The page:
Nicolás Maduro is the heir to Hugo Chávez, who was after Fidel Castro the tin-pot dictator most beloved of Democrats in Hollywood and Washington alike, and his government is in the full, mature stage of socialism, which means that opposition leaders are being locked up and forbidden to contest elections.
The New York Times tells the tale of Enzo Scarano, formerly the mayor of San Diego, a fast-growing city west of Caracas. There were protests against the Maduro regime in San Diego, and so the mayor was stripped of his office and thrown in jail for nearly a year. Now, he wants to run for national office, but has been disqualified by the Maduro government. Other prominent opposition figures are being treated the same way.
When Senator Bernie Sanders describes himself as a socialist and his critics point queasily to such socialist experiments as those in Cuba and North Korea, the response is always predictably the same: No, no: democratic socialism. But of course Boss Hugo advanced through the democratic process (when he wasn’t attempting coups d’état) and Maduro’s rule was confirmed in a special election. Perhaps he even legitimately won that election; regardless, he is stacking the deck this time around by ensuring that those who might challenge him are sitting on the sidelines or languishing in prison.
There is more to democratic legitimacy than open ballots truly counted. As the Founders of our own republic keenly appreciated, genuine democratic engagement requires an informed populace and open debate, thus the First Amendment’s protections, which extend not only to newspapers and political parties but also to ordinary citizens, despite the best efforts of Harry Reid and congressional Democrats to trample those rights. (They call this “campaign-finance reform,” on the theory that political communications more sophisticated than standing on a soapbox outside the Mall of America requires some sort of financial outlay.) But Venezuela has been for years cracking down on newspapers, radio stations, and television stations, even as the Maduro regime’s inspirations in Havana have been locking up outlaw . . . librarians.
In fact, the Maduro regime is so terrified of public discourse that it has stopped publishing basic economic data, such as official figures for inflation (estimated to be well in excess of 100 percent), unemployment (high), and economic growth (currently about negative 7 percent, it is thought). Not that Venezuelans necessarily need the statistics to tell their heads what their bellies have already learned: The United Socialist party’s disastrous economic policies have led to acute shortages of everything: rice, beans, flour, oil, eggs, soap, even toilet paper. Venezuela is full of state-run stores that are there to provide the poor with life’s necessities at subsidized prices, but the shelves are empty.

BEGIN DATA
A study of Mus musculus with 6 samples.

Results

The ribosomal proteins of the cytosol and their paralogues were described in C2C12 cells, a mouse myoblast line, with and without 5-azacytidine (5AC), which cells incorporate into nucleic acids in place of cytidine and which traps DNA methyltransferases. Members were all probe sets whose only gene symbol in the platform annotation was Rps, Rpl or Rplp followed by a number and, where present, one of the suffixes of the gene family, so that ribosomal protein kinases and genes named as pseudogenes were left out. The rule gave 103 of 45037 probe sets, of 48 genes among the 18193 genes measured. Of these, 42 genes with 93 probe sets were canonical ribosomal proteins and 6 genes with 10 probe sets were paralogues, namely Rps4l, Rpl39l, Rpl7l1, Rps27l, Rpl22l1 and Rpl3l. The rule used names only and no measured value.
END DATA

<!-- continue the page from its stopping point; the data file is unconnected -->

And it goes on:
The price of free stuff ends up being terribly high.
Socialism has two relevant features: Central planning of the economy by political powers and the public provision of ordinary goods (as opposed to public goods such as national defense and judicial systems). This is distinct from welfare-state policies such as those found in the United States, Canada, and Europe. Sweden has a large and expensive welfare state, but it has a robustly capitalistic trade-driven economy that in many ways is more free-market than our own, with lower corporate taxes and fewer trade barriers. The difference between welfare programs and socialism is the difference between food stamps and the state-run groceries that were the bane of the common people’s existence in the old Soviet Union and in modern Venezuela. The former is imperfect, the latter catastrophic.
The price of free stuff ends up being terribly high. While Venezuela has endured food riots for years, the capital recently has been the scene of protests related to medical care. Venezuela has free universal health care — and a constitutional guarantee of access to it. That means exactly nothing in a country without enough doctors, medicine, or facilities. Chemotherapy is available in only three cities, with patients often traveling hours from the hinterlands to receive treatment. But the treatment has stopped. Juvenile cancer patients taken by their parents to the children’s hospital in the capital are being turned away because the treatments they need are no longer available. The scene is heartbreaking, but that’s the political mode of thinking: Declare a scarce good a “right” and the problem must be solved, regardless of whether that scarce good is any more plentiful than it was before.
As you could probably have guessed, the Venezuelan government stopped publishing health statistics years ago.
We will have liberty or we will have reeducation camps. There is no alternative.